I recently finished the second draft of a story I’m working on, and I decided to share it online. I’m sharing one chapter at a time, and the story is about 487,000 words right now (roughly 5 paperback novels in length, give or take), so this will take awhile.
I estimate that 2nd draft is about 80% of the way there, story-wise; but 80% is not 100%. This chapter might show up in the final story completely unchanged. It might show up with minor changes, or heavy revisions; or might be cut from the final draft completely. If it does remain, it might be in a new place in the story or the same place.
That first year, when every day he had expected to be freed. Had expected to hear a sailor’s strong voice from a nearby ship, had expected the clunk as a gangplank was thrown down and they were boarded. Had expected someone to rip open the doors to the deck, casting wonderful sunshine down on them, and tell all those rowers crammed below decks that they were free.
That first year, when he and the other boys who had been kidnapped–they were all boys, somehow; all his age or at most a few years older–had huddled together at night, plotting and dreaming of escape. Back when they had lain awake at night talking, their bodies ragged and raw from the endless rowing but their minds still alight with the hope of freedom. When they had traded stories of how they had been kidnapped and of who they had once known who might come to free them. A parent. A city guard they had befriended. Sailors who their friends could hire. One boy boasted that his uncle was the captain of the guard at a local city, and would surely send ships after them to free him–and with him, all the other boys trapped in that miserable Hellscape. They had pinned a lot of hopes on that.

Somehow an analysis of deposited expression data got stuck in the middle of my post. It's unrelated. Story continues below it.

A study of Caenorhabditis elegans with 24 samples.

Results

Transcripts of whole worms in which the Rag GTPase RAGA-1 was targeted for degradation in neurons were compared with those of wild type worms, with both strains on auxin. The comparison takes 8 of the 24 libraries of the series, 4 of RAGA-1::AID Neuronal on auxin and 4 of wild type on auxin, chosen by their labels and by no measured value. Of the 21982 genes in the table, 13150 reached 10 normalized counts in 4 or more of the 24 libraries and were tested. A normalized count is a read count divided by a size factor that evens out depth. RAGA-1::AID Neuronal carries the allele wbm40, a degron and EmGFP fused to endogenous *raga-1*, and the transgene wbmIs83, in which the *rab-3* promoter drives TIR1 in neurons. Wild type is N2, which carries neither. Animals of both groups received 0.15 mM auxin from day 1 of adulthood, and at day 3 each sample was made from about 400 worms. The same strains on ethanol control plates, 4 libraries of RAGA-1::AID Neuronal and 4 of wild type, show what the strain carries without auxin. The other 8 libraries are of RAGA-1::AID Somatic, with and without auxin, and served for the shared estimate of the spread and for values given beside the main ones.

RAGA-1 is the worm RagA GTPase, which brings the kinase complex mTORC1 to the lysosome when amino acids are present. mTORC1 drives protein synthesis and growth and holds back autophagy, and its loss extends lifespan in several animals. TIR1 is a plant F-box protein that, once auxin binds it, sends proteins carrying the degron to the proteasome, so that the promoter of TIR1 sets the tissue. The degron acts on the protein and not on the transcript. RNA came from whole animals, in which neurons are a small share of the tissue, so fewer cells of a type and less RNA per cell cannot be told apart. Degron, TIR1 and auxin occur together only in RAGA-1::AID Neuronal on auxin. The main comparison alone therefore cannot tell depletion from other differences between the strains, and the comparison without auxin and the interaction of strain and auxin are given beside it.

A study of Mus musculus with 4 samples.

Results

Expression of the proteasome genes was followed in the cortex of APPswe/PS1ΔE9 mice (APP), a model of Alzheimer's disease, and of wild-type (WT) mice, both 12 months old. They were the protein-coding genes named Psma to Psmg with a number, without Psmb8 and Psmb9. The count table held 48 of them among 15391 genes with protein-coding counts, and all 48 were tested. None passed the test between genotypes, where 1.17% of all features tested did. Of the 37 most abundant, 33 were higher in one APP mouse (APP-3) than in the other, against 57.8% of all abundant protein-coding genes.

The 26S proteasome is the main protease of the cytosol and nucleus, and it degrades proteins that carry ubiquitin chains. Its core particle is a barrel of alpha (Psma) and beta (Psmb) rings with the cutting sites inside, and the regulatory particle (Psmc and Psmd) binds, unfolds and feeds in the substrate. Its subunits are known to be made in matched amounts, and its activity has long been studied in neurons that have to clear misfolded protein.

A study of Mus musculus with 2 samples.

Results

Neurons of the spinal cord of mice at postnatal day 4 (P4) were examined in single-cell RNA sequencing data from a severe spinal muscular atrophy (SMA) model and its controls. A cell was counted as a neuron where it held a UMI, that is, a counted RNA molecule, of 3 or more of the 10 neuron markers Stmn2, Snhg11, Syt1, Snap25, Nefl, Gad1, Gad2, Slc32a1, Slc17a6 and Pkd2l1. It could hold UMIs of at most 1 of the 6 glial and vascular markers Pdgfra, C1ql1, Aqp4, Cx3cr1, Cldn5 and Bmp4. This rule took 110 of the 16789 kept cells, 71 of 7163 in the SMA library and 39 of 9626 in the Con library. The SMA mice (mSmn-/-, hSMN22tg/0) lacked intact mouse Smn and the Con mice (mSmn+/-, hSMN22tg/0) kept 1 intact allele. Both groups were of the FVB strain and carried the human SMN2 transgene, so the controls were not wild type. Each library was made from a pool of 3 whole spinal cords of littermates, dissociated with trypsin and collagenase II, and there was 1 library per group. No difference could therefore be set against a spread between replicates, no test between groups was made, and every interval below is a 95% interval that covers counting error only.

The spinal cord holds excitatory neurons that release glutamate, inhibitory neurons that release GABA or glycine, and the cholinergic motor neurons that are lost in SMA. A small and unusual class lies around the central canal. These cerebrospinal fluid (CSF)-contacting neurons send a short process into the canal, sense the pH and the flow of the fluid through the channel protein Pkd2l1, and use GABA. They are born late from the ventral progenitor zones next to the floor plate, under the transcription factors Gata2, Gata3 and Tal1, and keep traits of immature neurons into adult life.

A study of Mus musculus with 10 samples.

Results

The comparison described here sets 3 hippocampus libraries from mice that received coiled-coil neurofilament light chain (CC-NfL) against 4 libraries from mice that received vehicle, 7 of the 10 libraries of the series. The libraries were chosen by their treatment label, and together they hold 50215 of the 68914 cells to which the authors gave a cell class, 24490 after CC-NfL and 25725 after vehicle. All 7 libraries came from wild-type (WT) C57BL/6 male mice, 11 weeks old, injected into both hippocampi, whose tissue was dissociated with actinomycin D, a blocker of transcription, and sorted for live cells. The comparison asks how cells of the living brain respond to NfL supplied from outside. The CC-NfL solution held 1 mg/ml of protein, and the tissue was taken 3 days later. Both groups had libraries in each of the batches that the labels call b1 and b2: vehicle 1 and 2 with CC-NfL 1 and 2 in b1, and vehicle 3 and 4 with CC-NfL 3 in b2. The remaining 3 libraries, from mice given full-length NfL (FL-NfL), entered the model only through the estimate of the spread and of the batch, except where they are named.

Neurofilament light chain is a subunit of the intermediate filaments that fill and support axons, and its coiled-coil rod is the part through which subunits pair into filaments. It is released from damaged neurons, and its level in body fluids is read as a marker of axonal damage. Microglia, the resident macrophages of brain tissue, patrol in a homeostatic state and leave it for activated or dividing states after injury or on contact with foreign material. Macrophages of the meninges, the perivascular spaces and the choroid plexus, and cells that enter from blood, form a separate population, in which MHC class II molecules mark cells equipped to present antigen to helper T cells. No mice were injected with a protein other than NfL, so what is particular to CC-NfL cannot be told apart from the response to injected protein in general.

But the hoped-for rescue never came. And after a few years, Iliar had begun to forget. After a few years, he had started to give up. Had stopped dreaming of escape and started dreaming of being let above decks, just for a few minutes, just to feel the sun on his face and the wind on his skin.
But even that was a dream. It never happened.
After that, the days began to blur together. Iliar awoke from his cramped scratchy hammock in the darkness and the cramped wet below decks, stiff and aching from rowing all the previous day, and ate the first meal of the day–a bevy of colorful fruits and leafy vegetables and salted meat. How they had fresh fruit and vegetables on the boat so often, he didn’t know. He had wondered at it, sometimes; in those early years. Then he had stopped caring. Had stopped caring, or wondering, about anything at all.
After first meal, it was to the oars, where they rowed for endless hours, two to an oar. Rowed until fire lanced through Iliar’s back with every stroke, until his muscles burned and felt like water and he would have given anything to stop. Finally they stopped, and over second meal the two men who had kidnapped them came down into the cramped and lightless belowdecks and led them in a series of stretches. He didn’t know the point of those either; all he knew was that after, the pain that burned in his back and arms and legs had receded from agony to a dull throb. Then more rowing, and then third meal; and then sleep.
Day after day after day.
He forgot what the sunshine felt like on his face, not just coming in through a porthole; and forgot the feeling of a sea breeze rustling his cloak. Forgot the feeling of climbing higher than he ever had before, the thrill of it; forgot his friends and even Sarah.
Forgot even Papa, most days.
A numbness settled over him. Comfortable and quiet and miserable and empty, a numbness that swallowed his pain and his fear and his hopes and his dreams; that turned them all into half-remembered feelings of someone else’s life. He stopped talking to the other boys, and they stopped talking to each other. They could all feel the numbness creeping over them, stealing away their thoughts and their pain and their very identity. And none of them could muster the energy to care. They went from talking about escape, to talking about their next meal with a kind of weary resignation, to occasional groans at the oars until even those faded and there was just dead, empty silence broken only by the splash of waves against the hull and the creak of the oars themselves.